This is the third Scarred Joy post related to what I call “things that matter.” The first two titles are “Jerry: A Reflection On Things That Matter!” and “Scarred Christmas and Things That Matter!”
If you are a regular reader of Scarred Joy you know the blog is devoted to posts that are real and often not emotionally easy to read. If a reader wants to read warm and fuzzy content that puts a goofy grin on one’s face, you will probably not find it in Scarred Joy. It isn’t that I want to have readers walk through life seeing doom and gloom all around. It is, however, a goal of Scarred Joy to encourage readers to face up to the honest reality that pain and suffering are part of life. That is not easy to bear.
In this post I want to carry on with the theme of “things that matter” but with a more personal approach. This post captures the journey of my wife’s present experience with cancer. I am coming alongside her and assuring her she is not going through this alone. With this being an ongoing journey this is the first part of a series.
“There is never an easy way to give this news. The biopsy did reveal cancer.” That is news a gynecologist gave to my wife recently at a follow up visit from her biopsy. I was sitting with her at the time and heard the news. The news assailed my heart and mind.
I have had some intense emotional moments as I processed the reality of cancer violating my wife’s body. It is news I cannot run from. She can’t, therefore I can’t. Although the cancer that has shown in her body is a non-aggressive type the initial shock of the news left its scar.
With cancer, or I’m sure any similar health challenge, it is not just a physical threat to one’s personhood. Cancer can mess with one’s mind. Even a “non-aggressive” cancer may cause some fear. That is the “scar” I am talking about.
With fear there is also hope. That is what keeps us going. Hope is within us. Hope is essential to our faith in God and in moving forward. This hope stems from my wife’s specialist saying the surgery she will have “usually” has good results. Specifically it is often the only treatment needed to combat this non-aggressive type of cancer. It is still cancer, however.
Since we began to inform people of this news a number have said for us to contact them if there is anything they can do. What can anyone do? What does it mean when people, who are definitely well intentioned, say for us to contact them if there is anything they can do? We are heading into uncharted territory for us. What do I ask people to do? I just don’t know how to respond to them. On the other hand, I appreciate their concern and desire to support us.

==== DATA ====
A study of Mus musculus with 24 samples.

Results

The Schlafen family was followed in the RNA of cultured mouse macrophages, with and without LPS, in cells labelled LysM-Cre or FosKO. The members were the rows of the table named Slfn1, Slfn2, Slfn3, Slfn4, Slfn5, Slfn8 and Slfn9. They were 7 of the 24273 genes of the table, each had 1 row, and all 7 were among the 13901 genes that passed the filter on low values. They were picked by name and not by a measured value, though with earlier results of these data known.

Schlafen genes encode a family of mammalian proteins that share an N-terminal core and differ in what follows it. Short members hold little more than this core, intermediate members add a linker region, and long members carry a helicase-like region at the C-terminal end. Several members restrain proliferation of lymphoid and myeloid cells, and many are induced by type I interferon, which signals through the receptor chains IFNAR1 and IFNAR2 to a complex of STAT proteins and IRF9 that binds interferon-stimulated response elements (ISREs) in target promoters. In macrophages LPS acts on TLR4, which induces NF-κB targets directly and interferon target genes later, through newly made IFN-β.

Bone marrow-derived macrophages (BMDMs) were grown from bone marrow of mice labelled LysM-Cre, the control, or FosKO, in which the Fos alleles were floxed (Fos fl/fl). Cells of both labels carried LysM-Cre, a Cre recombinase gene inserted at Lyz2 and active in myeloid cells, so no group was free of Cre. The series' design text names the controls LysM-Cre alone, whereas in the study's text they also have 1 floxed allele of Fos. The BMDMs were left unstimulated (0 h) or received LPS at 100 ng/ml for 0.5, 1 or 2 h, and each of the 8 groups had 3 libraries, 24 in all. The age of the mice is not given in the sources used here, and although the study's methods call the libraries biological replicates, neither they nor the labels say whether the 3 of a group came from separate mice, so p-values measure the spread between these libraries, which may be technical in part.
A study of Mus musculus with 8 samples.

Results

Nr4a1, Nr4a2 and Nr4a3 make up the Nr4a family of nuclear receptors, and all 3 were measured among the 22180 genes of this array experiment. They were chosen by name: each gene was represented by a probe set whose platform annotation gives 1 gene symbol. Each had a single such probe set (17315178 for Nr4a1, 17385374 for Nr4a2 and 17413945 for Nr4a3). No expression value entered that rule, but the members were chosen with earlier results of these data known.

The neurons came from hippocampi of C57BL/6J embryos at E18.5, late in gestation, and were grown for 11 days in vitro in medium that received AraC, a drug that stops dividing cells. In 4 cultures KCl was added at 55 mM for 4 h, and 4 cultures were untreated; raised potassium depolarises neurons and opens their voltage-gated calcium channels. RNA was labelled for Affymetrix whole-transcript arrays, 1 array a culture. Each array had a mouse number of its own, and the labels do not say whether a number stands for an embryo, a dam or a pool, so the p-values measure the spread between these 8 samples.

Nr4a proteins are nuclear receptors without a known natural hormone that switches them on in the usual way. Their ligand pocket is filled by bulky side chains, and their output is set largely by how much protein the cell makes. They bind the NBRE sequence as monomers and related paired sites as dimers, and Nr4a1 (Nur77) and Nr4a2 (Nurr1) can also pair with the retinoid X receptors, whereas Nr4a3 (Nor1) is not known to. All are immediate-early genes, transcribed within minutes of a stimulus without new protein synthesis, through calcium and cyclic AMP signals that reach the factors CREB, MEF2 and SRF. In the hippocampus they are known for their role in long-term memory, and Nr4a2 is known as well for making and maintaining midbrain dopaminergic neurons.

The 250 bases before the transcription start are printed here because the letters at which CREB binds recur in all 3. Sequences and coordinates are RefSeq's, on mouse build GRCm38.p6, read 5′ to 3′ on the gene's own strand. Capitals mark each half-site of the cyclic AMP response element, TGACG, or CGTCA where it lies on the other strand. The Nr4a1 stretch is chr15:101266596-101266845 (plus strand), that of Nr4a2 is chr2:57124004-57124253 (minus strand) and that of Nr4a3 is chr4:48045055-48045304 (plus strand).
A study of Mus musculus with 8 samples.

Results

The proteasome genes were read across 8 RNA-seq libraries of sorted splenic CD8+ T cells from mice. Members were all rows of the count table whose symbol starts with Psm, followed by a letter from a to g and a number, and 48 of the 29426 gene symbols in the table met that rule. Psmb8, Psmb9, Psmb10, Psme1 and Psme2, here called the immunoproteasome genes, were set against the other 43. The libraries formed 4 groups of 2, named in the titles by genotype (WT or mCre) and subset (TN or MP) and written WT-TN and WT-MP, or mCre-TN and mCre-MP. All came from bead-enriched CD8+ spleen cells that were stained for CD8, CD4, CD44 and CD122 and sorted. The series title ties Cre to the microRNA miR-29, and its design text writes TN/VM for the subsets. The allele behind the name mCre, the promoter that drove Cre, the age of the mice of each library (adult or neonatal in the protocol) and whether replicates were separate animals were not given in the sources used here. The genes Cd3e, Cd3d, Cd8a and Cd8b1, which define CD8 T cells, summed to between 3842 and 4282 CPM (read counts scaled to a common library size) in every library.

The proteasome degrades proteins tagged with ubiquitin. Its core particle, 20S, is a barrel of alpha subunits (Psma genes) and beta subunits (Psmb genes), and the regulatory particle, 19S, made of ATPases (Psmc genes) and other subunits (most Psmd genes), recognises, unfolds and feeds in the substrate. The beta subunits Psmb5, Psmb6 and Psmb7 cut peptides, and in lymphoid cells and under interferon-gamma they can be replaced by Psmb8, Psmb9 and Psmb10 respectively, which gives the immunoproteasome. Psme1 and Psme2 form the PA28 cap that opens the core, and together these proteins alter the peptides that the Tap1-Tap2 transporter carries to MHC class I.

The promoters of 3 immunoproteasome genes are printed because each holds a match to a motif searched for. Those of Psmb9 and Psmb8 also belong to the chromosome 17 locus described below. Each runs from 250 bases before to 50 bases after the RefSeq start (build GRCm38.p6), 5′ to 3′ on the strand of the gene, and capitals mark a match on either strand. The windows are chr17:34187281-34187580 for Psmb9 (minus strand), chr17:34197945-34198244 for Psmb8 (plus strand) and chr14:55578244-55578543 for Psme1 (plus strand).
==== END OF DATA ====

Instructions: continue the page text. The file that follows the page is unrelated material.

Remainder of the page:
Here is an alternative to the above. We would welcome it if someone offered something specific in his or her desire to support us. Something as simple as asking us out for coffee would help. It would encourage us that someone cared enough to offer to sit with us for a while. For instance, our daughter and son-in-law took Terry and I out for an evening. She had said, “if you don’t have plans on Friday evening we would like to take you out.” We were treated to dinner and a movie. What we had for dinner or what movie we saw didn’t matter. It was just being together for a few hours that mattered and is what we will remember.
You see, the companionship of caring people is a treasure. It is something that matters. Caring people are those who may check in on us regularly and who may pray for us. Caring people are also those who reach out to us through not only words but also deeds. The deeds may be as simple a phone call or email or Facebook message asking how we are doing. I guess it isn’t really the deed it is the care that motivates it.
Scarred Joy means that in the pain and suffering in life there is hope. It isn’t always easy to realize hope but it is there. Hope matters! Without hope we allow cancer to win and that is not an option.
I saw a post on Facebook recently. It said, “I wish cancer got cancer, and died.” I get that!
Until next time my friends. Hold your loved ones close.